A left-wing opposition party held a large advantage in the race for mayor of Colombia's capital entering yesterday's election after violence-marred regional campaigns across the nation.
While conservative President Alvaro Uribe remains widely popular, polls indicate that the party he defeated for the presidency last year may take the second most important elective post in the country -- Bogota mayor.
Samuel Moreno, grandson of a military dictator, held a lead of 40 to 22 percent over independent former Mayor Enrique Penalosa, according to a poll published Saturday by the newspaper El Tiempo. The survey by the Datexco company had a margin of error of 2.7 percentage points.
Moreno's Alternative Democratic Pole already governs Bogota, but consecutive victories would be a boost for his party ahead of the 2010 presidential race. With nearly 7 million people, the capital is home to a sixth of Colombia's population.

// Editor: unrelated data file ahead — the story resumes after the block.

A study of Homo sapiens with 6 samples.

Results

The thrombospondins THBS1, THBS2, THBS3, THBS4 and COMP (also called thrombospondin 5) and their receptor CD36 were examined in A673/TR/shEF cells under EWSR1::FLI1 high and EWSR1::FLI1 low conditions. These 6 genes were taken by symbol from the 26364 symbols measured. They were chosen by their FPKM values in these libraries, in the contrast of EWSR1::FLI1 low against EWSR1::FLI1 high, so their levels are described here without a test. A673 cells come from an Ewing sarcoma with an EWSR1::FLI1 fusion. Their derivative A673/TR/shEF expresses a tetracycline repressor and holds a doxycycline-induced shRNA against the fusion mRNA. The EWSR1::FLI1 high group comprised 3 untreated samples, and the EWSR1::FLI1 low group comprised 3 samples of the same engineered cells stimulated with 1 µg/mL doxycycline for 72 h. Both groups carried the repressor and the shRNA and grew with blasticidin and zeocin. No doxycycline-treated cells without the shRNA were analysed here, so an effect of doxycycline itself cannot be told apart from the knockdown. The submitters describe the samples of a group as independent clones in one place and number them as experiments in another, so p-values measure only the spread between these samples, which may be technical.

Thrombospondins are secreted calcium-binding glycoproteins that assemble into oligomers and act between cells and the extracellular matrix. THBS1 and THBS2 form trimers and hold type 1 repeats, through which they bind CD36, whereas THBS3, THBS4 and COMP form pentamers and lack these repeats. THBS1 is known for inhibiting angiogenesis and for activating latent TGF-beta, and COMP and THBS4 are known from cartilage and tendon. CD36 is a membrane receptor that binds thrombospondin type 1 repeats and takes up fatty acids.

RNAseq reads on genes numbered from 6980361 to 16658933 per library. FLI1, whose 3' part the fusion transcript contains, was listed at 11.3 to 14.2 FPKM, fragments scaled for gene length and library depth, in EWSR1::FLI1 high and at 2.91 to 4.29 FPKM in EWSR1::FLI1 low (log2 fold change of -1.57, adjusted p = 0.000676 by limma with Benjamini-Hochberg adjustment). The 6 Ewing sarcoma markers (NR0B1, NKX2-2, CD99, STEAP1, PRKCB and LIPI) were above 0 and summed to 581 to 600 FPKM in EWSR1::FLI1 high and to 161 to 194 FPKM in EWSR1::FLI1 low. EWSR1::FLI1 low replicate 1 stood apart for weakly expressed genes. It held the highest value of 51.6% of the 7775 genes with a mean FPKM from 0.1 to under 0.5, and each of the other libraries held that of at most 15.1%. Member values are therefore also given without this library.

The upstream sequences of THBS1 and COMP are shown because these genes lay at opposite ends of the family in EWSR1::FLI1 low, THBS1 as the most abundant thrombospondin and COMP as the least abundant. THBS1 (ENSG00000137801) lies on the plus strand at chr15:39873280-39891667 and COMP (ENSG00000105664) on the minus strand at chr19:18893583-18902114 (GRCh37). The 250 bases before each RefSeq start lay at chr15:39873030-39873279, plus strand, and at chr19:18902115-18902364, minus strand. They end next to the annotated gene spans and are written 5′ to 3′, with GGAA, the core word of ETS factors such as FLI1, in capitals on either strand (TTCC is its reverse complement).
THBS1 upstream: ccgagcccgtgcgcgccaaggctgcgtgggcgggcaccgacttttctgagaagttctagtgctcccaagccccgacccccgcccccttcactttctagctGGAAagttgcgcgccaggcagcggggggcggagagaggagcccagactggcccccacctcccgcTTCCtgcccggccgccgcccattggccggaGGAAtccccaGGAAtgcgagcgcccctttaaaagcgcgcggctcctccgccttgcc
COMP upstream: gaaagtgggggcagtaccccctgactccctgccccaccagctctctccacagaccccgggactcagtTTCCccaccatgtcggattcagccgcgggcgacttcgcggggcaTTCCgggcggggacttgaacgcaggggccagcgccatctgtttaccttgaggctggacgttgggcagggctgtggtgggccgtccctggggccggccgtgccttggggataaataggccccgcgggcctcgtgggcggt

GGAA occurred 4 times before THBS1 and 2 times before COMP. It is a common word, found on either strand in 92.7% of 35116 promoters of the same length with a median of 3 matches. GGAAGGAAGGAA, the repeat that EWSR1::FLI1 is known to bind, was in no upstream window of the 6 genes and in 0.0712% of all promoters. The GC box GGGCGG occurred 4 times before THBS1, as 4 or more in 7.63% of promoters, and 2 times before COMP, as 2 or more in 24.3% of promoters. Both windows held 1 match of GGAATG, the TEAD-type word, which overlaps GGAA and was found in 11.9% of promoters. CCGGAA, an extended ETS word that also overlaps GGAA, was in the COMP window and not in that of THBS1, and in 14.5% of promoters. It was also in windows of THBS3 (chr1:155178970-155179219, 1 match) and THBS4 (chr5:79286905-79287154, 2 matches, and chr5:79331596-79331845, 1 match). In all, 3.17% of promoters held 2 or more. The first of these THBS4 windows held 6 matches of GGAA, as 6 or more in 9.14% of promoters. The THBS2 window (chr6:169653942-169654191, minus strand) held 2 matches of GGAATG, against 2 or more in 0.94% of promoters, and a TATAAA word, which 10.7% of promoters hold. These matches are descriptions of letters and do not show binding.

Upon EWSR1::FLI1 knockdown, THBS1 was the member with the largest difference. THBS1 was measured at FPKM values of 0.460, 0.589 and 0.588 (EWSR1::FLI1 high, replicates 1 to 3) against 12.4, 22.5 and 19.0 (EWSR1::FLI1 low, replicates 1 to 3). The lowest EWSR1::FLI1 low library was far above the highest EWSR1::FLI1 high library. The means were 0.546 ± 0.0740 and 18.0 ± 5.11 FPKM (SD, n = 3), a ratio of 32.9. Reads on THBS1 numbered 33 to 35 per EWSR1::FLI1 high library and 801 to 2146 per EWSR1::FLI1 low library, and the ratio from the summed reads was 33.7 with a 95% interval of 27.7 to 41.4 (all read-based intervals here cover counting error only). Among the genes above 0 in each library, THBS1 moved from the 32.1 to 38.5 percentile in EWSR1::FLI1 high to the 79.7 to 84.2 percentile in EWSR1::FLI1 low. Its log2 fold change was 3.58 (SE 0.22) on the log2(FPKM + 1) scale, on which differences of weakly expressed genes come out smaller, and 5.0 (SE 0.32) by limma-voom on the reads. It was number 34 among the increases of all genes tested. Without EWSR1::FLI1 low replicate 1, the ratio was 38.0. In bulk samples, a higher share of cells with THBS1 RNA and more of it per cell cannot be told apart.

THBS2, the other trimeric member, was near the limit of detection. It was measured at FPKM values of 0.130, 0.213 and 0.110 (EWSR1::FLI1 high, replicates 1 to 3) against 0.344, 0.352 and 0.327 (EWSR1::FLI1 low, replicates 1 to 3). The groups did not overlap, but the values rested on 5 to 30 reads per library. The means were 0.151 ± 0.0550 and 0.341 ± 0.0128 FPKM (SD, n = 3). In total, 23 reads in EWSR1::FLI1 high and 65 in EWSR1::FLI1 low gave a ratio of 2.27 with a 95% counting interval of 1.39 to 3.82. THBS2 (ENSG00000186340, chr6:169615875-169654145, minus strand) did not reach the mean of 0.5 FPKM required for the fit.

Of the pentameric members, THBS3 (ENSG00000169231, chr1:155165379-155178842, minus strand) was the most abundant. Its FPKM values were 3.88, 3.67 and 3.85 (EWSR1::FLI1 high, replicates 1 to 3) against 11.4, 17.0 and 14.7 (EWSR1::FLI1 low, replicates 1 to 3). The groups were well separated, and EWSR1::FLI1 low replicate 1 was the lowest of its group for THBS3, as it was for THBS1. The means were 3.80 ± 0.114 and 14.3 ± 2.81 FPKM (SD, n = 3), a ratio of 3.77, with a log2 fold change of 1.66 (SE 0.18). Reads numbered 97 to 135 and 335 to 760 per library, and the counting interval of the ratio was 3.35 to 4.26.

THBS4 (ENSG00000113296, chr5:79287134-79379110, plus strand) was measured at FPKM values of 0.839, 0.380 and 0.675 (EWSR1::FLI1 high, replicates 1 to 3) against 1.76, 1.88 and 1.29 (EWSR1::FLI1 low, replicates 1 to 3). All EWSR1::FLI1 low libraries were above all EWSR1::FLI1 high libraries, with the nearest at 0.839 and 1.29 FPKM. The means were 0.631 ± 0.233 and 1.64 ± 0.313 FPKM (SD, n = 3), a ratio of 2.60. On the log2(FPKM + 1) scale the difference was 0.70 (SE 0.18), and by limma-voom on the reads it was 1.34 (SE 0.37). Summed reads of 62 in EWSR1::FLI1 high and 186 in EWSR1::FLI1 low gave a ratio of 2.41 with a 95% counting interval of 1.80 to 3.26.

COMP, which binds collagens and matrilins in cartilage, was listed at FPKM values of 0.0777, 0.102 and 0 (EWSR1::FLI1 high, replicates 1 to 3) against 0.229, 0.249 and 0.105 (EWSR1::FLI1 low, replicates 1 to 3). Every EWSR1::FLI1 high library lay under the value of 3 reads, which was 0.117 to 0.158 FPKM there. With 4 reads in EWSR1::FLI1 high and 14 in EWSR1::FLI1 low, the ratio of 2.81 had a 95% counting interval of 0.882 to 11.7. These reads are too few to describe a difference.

Moreno has seemed to shrug off controversies -- notably a pro-Moreno article posted on a Web site favorable to Colombia's leftist guerrilla movements, and his statement in a debate that he would buy 50 votes if he knew his rival had purchased 50,000.
On Friday, Uribe issued an appeal for voters to reject Moreno, saying, "Don't make a mistake in electing mayors supported by the guerrillas who also buy votes."
At stake Sunday are 32 governorships, 1,098 mayorships and thousands of lesser offices.
In an effort to contain violence, the government has restricted the carrying of arms and banned the sale of alcohol until this morning.